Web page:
The Constriction of Restrictionism

International students don’t need more barriers to American internships


Jong Man Kim / Daily Collegian

By Dylan Partner, Collegian Columnist

My roommate and I have learned a lot from each other because of our differences. We quite literally come from opposite sides of the world—he’s an international student from Myanmar, and I’m from Chicago. We enjoy talking about the parallels and divergences between our respective cultures and backgrounds.

Unfortunately, what you’ve heard about Myanmar in recent months is likely news of the increasing political and economic turmoil within its borders. While the previous government was already making headlines for its brutal treatment of the Rohingya ethnic minority, in early 2020 the Burmese military toppled the small vestige of democracy present in the country (the military already had a large proportion of seats allocated to it by law in the national parliament) as well as Prime Minister Au Sang Suu Kyi. Ever since then, the junta has grown increasingly repressive and Myanmar has increasingly isolated itself from the rest of the world. My roommate has told me of a family friend summarily assassinated because of debts that the government owed to him, as well as the recent introduction of power cuts for several hours every day. Even if he did want to visit home for summer break, it would be unlikely that he would be able to come back to the United States in the foreseeable future.

Understandably, my roommate decided to look for summer internship opportunities in America. As an extremely dedicated student and talented engineer, he should’ve had no problem securing a position at a firm that values his contributions and gives him a meaningful opportunity to learn relevant skills and familiarize himself with the industry. There’s just one problem, though: as a foreign national, he’s ineligible for many of the internships he’s had his eye on.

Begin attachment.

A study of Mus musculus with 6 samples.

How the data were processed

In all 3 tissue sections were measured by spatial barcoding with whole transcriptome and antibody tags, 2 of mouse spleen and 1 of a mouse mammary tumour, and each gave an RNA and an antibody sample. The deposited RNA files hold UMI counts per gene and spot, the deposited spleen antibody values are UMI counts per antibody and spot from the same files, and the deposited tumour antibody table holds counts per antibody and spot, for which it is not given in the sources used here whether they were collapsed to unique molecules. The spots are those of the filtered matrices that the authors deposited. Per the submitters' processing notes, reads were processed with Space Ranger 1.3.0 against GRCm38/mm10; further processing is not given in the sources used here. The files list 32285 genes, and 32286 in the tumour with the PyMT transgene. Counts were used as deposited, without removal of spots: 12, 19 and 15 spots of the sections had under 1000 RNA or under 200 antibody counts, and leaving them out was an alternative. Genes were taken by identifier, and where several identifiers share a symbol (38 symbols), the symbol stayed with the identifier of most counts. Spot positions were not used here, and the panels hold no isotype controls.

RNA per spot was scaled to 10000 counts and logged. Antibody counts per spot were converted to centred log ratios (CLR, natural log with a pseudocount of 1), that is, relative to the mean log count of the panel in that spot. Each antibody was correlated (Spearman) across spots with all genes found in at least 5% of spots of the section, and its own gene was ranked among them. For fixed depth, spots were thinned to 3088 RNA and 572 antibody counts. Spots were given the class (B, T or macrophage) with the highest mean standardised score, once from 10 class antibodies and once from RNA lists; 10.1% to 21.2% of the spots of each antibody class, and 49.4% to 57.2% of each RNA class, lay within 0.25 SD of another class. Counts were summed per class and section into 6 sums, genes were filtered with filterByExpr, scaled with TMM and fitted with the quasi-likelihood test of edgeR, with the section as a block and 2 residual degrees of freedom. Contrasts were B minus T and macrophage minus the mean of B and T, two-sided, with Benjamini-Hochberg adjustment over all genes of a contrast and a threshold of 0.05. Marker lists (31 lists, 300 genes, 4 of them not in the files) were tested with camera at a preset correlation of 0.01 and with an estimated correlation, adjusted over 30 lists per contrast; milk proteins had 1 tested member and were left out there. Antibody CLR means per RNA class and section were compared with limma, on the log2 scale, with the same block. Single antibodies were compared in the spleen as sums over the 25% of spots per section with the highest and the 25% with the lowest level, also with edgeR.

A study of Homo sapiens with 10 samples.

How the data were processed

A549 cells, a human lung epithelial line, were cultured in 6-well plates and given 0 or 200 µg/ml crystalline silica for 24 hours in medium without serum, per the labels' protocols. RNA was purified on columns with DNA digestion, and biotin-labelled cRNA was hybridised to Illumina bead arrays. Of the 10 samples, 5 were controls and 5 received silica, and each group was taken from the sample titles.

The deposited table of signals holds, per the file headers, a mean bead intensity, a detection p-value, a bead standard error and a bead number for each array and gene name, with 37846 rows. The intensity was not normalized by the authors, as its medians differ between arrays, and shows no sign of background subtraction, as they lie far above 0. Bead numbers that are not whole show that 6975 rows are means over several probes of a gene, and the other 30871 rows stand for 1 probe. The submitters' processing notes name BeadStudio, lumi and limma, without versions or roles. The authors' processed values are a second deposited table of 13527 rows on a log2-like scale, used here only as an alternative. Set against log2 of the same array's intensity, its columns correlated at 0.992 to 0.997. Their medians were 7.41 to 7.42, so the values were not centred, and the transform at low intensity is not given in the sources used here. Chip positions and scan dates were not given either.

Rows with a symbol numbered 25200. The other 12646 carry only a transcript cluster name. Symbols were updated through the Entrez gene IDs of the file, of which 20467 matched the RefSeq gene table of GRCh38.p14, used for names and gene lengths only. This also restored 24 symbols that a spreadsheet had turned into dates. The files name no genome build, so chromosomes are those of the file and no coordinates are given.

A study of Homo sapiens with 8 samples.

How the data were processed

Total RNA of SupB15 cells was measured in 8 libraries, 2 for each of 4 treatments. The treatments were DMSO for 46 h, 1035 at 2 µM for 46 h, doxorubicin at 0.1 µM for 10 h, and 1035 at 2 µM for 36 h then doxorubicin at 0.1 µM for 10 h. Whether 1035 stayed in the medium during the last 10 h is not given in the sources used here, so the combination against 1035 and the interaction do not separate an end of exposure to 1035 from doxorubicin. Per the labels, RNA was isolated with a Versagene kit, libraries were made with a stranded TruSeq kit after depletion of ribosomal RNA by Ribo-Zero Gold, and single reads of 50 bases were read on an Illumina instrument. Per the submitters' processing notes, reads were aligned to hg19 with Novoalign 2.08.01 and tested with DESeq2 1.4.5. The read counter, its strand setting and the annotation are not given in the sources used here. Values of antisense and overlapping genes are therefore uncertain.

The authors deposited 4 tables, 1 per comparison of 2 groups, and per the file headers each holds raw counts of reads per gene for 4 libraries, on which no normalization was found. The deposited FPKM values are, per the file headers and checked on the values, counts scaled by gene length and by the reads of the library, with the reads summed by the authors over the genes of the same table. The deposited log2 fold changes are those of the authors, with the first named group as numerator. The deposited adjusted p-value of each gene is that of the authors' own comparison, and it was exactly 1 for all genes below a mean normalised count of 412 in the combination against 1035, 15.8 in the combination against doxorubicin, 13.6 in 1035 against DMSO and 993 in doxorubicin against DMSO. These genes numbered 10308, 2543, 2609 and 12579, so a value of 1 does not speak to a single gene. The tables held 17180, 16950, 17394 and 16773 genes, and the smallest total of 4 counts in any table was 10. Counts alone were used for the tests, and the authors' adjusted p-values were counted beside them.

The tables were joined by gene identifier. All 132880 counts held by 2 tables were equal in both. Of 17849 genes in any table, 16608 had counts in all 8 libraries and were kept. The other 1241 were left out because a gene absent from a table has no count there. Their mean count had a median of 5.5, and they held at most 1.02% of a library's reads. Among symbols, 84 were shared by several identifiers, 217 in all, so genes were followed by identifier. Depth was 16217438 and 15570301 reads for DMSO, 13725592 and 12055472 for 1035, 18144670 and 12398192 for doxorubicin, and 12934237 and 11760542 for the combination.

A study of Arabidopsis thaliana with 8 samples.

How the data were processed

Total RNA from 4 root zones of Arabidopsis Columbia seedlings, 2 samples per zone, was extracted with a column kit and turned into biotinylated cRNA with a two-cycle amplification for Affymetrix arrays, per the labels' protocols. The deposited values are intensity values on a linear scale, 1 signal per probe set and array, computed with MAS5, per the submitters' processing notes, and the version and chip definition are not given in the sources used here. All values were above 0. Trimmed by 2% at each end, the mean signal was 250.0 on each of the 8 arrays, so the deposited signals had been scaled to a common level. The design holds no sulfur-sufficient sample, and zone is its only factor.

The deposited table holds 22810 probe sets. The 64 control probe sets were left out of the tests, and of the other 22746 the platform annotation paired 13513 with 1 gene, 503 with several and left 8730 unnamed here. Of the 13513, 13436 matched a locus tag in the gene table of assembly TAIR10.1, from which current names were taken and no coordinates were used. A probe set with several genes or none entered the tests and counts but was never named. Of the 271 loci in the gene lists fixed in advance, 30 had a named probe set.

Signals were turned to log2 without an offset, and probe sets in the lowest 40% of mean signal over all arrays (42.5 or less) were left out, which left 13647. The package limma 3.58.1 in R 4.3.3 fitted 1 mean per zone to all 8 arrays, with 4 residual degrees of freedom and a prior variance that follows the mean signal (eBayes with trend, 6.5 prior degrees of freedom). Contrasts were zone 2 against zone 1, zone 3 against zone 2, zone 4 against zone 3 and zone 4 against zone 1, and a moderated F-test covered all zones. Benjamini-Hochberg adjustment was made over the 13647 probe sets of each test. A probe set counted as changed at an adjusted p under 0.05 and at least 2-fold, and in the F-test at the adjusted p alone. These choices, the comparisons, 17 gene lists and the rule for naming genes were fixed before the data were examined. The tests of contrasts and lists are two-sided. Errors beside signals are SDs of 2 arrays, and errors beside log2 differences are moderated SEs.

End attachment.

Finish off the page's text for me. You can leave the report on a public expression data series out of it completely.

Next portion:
As trade protectionism comes from understandable origins, so does internship protectionism. “Buy American, hire American!” exhorts a popular slogan. Even if the slogan refers more to the offshoring of blue-collar manufacturing jobs more than anything else, it’s still a pervasive sentiment in American society- not like it isn’t present in other countries, of course. The tendency to “protect our own” is a cultural and psychological constant across humanity.

Just because protectionism is a natural feeling doesn’t mean it’s justified. The traumas endured by the Rust Belt and other areas suffering from deindustrialization and offshoring are real, but they must be seen in context with the other costs, and significant benefits of globalization. Even then, there’s far less justification for domestic internship protectionism than protecting domestic jobs from offshoring.

International students already in the United States will be motivated to contribute their talents domestically in the years to come, rather than moving back to their home countries and taking their education with them, which benefits both the student and American citizens. Additionally, as is especially relevant in my roommate’s case, there is a humanitarian aspect to providing these opportunities to international students who have come from poor or unstable environments. While it is not the obligation of American internship providers to accommodate these students, it is the right choice, both economically and ethically.

While my roommate will probably find a satisfactory internship after a great deal of searching, his application process has been far more difficult and restrictive than it should have been. His difficulties shouldn’t have to be experienced by anyone.

Dylan Partner can be reached at [email protected].